Sally Slater’s Paladin is YA epic fantasy with great characters and action but struggles with the quest


This book started its life on Wattpad and earned a place on the Amazon bestseller list.  I wasn’t as impressed with it as I thought I would be, but it was an enjoyable three star read.  

Goodreads Summary

Brash, cocky, and unbeatable with a sword (well, almost), Sam of Haywood is the most promising Paladin trainee in the kingdom of Thule… and knows it. The only problem is that Sam is really Lady Samantha, daughter of the seventeenth Duke of Haywood, and if her father has his way, she’ll be marrying a Paladin, not becoming one.

But Sam has never held much interest in playing damsel-in-distress, and so she rescues herself from a lifetime of boredom and matrimonial drudgery. Disguised as a boy, Sam leaves home behind to fight demons-—the most dangerous monsters in Thule—-alongside the kingdom’s elite warriors. Pity that Tristan Lyons, the Paladin assigned to train her, is none other than the hero of her childhood. He hasn’t recognized her–yet–but if he does, he’ll take away her sword and send her packing.

Sam is not the only trainee hiding secrets: Braeden is a half-demon with a dark past that might be unforgivable. Whether he can be trusted is anyone’s guess, including his.

As demons wreak havoc across the land, rebellion stirs in the West, led by a rival faction of warriors.

A war between men is coming, and Sam must pick a side. Will saving the kingdom cost her life–or just her heart?

My Thoughts

The well developed characters who populate the YA epic fantasy of Paladin are its biggest strength.  They are dimensional, engaging, and often humorous.  Sam’s narrative voice offers a believable strong female protagonist whom most readers will connect with from the start. I like the fact that she is a good swordswoman but she isn’t touted as “the one” who will save them all – she is just a trained girl who wants to fight the bad guys.  The action is not too shabby either. The combat sequences offer a nice mix of detail and summary so that none of the fight scenes ever seem to drag on for too long.  The magical system associated with the demons is easy for readers to grasp, and the half demon character of Braedon is put to good purpose when it comes to introducing the specifics that can’t be implied.  World building is adequate and descriptions easily translate to mental landscapes for readers, but the author avoids bogging the story down with the influx of alien details that can often choke readers in this genre.  While all of these factors should have added up to a pretty engaging read, it was a slow start for me, and it wasn’t until the second half of the book that I really found it compelling.  I think the problem is that the structure of the book is similar to a quest story but the plot lacks a clear questing goal for the first half, focusing instead on character development that leads to the feeling of a somewhat pointless ramble through the countryside.  This part of the story could have been more tightly plotted.  I had a little trouble with the exuberance of the romantic relationship at the end, but I’m a sceptic of romance, so . . .  Overall, I was pleased with this book and I think if you enjoy books like the Wheel of Time series this is a nice (much less convoluted and more YA friendly) book to consider.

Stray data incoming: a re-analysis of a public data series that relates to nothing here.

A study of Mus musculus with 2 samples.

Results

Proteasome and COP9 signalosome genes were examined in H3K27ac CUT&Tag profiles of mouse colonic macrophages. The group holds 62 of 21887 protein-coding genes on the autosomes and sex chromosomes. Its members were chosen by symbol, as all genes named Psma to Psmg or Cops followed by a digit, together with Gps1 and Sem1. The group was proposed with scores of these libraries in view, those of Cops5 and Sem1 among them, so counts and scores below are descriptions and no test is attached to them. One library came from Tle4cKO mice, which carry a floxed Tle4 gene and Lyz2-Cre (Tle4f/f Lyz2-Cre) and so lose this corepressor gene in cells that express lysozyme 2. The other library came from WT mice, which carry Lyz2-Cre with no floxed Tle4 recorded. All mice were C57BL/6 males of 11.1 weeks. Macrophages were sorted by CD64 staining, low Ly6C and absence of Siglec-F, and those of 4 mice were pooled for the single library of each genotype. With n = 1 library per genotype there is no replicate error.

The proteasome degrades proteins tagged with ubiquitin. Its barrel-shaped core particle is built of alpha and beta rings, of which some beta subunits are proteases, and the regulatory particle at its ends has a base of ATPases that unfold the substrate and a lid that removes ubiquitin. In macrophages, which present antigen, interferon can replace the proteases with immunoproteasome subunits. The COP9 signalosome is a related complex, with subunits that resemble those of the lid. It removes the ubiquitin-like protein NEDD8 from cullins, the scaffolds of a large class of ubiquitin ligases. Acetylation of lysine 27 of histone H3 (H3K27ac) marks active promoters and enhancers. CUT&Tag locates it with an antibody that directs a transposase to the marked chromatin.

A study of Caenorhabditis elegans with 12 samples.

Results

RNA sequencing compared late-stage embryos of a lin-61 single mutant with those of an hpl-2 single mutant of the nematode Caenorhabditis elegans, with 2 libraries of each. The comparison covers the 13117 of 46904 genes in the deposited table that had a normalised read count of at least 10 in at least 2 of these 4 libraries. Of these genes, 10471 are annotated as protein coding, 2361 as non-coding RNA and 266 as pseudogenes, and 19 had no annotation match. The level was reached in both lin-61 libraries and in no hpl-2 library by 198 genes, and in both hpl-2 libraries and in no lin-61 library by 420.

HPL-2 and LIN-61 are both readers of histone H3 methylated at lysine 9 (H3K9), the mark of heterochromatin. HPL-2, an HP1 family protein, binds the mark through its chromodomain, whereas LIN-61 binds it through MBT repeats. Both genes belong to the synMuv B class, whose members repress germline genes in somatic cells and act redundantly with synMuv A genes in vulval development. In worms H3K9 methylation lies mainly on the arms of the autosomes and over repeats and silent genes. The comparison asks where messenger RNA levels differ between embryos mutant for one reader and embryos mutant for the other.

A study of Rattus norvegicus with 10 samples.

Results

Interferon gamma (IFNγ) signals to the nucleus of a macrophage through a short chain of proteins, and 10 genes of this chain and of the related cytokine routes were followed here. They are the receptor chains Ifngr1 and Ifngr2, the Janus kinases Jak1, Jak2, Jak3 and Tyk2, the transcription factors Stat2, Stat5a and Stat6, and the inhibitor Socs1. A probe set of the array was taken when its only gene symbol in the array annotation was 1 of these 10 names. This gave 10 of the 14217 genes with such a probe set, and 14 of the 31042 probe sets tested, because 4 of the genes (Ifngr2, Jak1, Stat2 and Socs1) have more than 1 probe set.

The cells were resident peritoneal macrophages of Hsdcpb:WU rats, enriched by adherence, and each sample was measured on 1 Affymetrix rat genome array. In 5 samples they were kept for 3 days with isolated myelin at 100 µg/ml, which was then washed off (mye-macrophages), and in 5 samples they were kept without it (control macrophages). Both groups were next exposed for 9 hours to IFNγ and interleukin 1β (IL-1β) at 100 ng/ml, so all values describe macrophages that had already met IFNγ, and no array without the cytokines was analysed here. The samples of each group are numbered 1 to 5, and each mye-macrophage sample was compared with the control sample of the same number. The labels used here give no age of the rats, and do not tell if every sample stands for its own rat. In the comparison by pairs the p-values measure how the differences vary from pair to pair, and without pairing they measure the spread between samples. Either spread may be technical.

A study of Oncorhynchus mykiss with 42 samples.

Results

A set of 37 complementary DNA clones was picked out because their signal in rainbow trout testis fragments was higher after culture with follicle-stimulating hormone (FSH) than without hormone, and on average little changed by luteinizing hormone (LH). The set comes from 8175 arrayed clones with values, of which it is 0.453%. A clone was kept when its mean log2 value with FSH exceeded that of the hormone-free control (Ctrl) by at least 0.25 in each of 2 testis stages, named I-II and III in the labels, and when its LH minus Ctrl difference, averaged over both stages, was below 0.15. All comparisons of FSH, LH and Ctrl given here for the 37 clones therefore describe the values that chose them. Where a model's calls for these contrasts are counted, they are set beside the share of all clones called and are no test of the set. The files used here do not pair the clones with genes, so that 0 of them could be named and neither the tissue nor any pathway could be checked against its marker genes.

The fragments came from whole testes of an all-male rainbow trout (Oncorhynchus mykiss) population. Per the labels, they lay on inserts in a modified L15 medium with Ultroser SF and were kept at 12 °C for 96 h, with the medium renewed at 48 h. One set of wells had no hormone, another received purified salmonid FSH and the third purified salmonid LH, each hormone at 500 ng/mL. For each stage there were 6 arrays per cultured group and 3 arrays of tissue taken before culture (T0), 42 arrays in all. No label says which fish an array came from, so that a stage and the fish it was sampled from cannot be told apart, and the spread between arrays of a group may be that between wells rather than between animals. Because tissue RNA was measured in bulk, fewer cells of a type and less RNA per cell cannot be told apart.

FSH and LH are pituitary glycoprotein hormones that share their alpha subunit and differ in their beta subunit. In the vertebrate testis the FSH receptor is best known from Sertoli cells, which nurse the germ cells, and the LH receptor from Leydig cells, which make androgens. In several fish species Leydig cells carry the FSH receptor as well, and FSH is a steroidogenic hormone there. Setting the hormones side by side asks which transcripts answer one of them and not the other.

I received a copy of this book from the publisher via NetGalley in exchange for an honest review.


When the final bell rings, I stash those messy piles of essays and analysis assignments in a desk drawer and I head home to a pile of good books. My kids and dog eat too many chicken nuggets and the house could be neater, but as long as I get my daily read, I guess we are doing all right. When I was twelve and fifteen and eighteen and twenty, I believed I needed to get out there and do those things I had just been reading about, which ended in disaster, tears, a tattoo that scares me every time I catch a glimpse of it in the mirror, and the realization that some of us are meant for action, and some of us are meant to critique the pace of action in a book. I read primarily YA fiction as I have a rather hulking classroom library and a hundred high school readers to engage daily. Nothing makes me happier than coming to school and finding an impatient teenager waiting by my door to turn in a book and get another one just like it. I adore a good zombie, a medieval princess, or girl assassin (I would like them all in one book if you are a writer looking for some inspiration). I add historical mystery to my wish list a year in advance, and you should get out of my way when the next Outlander book comes out. I have an embarrassing fondness for rock star books, but only if they don’t get too trashy and embarrass me. My favorite book of all time is The Blue Castle by L.M. Montgomery. My book boyfriends include Gilbert Blythe, Alonzo Wilder, and Jamie Fraser. They are mine and you can’t have them.